Thursday, March 09, 2006

Darwin and Beyond

Yesterday, for a newspaper story I am writing, I spent almost an hour interviewing an evolutionary biologist at the University of Houston. Ricardo Azevedo is co-author of an article recently published in Nature, exploring the evolutionary advantages of sexual reproduction. Why is asexual reproduction, though it persists in a few species of aphids, lizards and other organisms, an apparent evolutionary dead end? Azevedo and his colleagues speculate that sexual reproduction better serves as a “genetic waste disposal” mechanism, helping to protect a species from harmful genetic mutations.

The best interviews turn into conversations, and Azevedo and I quickly discovered our shared enthusiasm for Charles Darwin as scientist and writer. We have both read Janet Browne’s magisterial, two-volume biography of the naturalist, and both of us mourn the quality of most contemporary scientific prose. Our talk sparked a faint memory of a piece about Darwin as writer by the great martyred Russian poet Osip Mandelstam. I tracked it down in The Complete Critical Prose and Letters, published in 1979 by Ardis. In a 1932 article, “On the Naturalists, ” published in the chillingly named Moscow newspaper For a Communist Education to mark the 50th anniversary of Darwin’s death, Mandelstam wrote:

“Darwin’s scientific descriptions are amazingly true to life. He utilizes sunlight, air, and shadows, as well as carefully calculated distances to produce the greatest possible effect in his writing. The result is an intriguing picture of some animal or insect caught unawares, as if on camera, in its most characteristic posture.” To bolster his point, Mandelstam quotes a passage from Darwin’s Journal of Researches describing an elater or click beetle. Of Darwin’s prose style, the poet writes:

“The remarkable prosaic quality of Darwin’s works was preconditioned, to a large extent, by history. Darwin purged the scientific language, eradicating every trace of bombast, rhetoric, and teleological pathos. He possessed the courage to be prosaic precisely because he had so much to say and did not feel obligated to express rapture or gratitude to anyone.” Mandelstam lauds Darwin’s use of “multitudinous examples exploding like cartridges,” and goes on to write:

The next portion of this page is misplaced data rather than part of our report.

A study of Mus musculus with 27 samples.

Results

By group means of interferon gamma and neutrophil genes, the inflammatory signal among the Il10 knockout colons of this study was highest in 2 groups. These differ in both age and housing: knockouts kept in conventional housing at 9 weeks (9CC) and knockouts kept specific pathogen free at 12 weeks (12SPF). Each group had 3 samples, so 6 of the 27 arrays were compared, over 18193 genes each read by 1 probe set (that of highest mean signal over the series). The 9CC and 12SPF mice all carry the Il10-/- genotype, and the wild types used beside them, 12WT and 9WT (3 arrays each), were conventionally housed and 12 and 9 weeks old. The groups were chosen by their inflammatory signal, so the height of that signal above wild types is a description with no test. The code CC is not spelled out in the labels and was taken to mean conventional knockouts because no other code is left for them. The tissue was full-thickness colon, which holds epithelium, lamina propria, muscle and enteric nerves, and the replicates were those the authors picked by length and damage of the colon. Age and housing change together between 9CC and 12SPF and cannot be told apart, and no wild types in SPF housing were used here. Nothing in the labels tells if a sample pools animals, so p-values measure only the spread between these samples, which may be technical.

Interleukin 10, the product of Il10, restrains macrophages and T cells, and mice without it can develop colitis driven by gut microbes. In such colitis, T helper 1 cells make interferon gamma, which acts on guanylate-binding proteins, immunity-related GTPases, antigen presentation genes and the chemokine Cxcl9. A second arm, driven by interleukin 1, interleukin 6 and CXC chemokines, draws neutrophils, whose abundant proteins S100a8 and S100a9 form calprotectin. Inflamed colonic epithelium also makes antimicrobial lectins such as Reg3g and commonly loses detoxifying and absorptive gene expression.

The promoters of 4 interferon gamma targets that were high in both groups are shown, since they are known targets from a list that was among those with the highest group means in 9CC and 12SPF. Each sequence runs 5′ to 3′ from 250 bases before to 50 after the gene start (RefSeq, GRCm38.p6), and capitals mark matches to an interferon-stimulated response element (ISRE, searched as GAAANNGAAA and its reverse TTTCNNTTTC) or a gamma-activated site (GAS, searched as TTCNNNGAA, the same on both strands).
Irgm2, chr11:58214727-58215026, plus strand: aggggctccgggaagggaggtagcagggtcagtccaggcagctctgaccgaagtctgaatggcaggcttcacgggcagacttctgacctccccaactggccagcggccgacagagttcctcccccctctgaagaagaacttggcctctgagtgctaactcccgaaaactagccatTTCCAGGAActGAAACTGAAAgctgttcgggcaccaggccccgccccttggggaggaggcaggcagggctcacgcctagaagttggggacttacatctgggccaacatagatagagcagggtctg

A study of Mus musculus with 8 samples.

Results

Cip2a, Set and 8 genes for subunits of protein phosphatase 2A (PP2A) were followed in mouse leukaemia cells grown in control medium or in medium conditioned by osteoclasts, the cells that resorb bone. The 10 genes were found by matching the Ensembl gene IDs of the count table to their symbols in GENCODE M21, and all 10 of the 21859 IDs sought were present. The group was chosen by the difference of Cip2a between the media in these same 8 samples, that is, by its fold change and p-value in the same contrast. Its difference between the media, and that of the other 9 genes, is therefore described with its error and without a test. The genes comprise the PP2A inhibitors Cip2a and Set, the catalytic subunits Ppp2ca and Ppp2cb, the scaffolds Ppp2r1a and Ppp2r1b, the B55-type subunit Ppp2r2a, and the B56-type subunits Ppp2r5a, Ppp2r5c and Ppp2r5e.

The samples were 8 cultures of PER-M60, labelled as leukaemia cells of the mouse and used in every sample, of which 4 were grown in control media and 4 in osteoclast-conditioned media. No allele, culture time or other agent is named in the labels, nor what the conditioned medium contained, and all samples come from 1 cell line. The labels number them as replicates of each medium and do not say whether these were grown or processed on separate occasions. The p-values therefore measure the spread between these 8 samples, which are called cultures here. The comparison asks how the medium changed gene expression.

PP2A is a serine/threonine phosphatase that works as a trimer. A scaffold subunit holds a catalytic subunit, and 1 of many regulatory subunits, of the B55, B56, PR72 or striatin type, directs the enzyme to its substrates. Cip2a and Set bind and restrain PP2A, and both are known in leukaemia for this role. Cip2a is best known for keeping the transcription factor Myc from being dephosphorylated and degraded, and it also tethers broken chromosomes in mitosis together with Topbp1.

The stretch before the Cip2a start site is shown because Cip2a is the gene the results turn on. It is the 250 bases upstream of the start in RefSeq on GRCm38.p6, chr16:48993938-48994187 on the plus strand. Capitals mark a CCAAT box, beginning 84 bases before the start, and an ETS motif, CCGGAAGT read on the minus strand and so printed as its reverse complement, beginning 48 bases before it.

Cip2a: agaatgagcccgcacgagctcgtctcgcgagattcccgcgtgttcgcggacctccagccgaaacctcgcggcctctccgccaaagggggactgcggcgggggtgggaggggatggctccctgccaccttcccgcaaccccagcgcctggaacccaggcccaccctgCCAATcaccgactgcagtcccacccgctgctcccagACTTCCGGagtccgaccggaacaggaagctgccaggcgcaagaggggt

“Darwin’s attitude toward nature resembles that of a war correspondent, an interviewer, or a daring reporter furtively pursuing a news story at the scene of the event. Darwin never described anything, he only characterized. In this sense Darwin, the writer, incorporated the popular tastes of the English reading public into natural history. We must not forget that Dickens and Darwin were contemporaries and that both were popular with the reading public for the same reason.”

I love the notion of Darwin as war correspondent. This seemingly fanciful image reminded me of another Russian-Jewish writer murdered by Stalin, Isaac Babel. In 1920, Babel rode as a correspondent with the Red Cavalry during their disastrous incursion into Poland. The result was his magnificent collection of stories, Red Cavalry, and, published posthumously, 1920 Diary. All three men – Darwin, Mandelstam, Babel – are united in their courage and, in their different ways, dedication to humane civilization in the face of ignorance and barbarism.

About 15 years ago, while working as a reporter for the newspaper in Albany, N.Y., I was assigned to quickly dig up, from scratch, a feature to run the following day, Thanksgiving. I don’t remember how I settled on the idea, but I visited an apartment house subsidized by local Jewish organizations. Its occupants were elderly recent émigrés from the Soviet Union, soon to be Russia again. They spoke Russian, Ukrainian and Yiddish, and most spoke at least a little English. I came to ask what they understood of Thanksgiving, a distinctly American holiday, and what they felt thankful for.

At first they were reluctant to speak, perhaps confused and most likely suspicious, given their experience with men asking a lot of impertinent questions in the Soviet Union. When I figured out that many of the émigrés had come from Odessa, Babel’s birthplace, I brought up his name and Mandelstam’s, though he was born in St. Petersburg.

The old people whispered the names like a furtive prayer: “Babel! Mandelstam!” Some laughed. Some cried. What American knows such things? An old woman hugged me and others shook my hand and patted my shoulders. I had uttered sacred names, and the old people were filled with thanksgiving.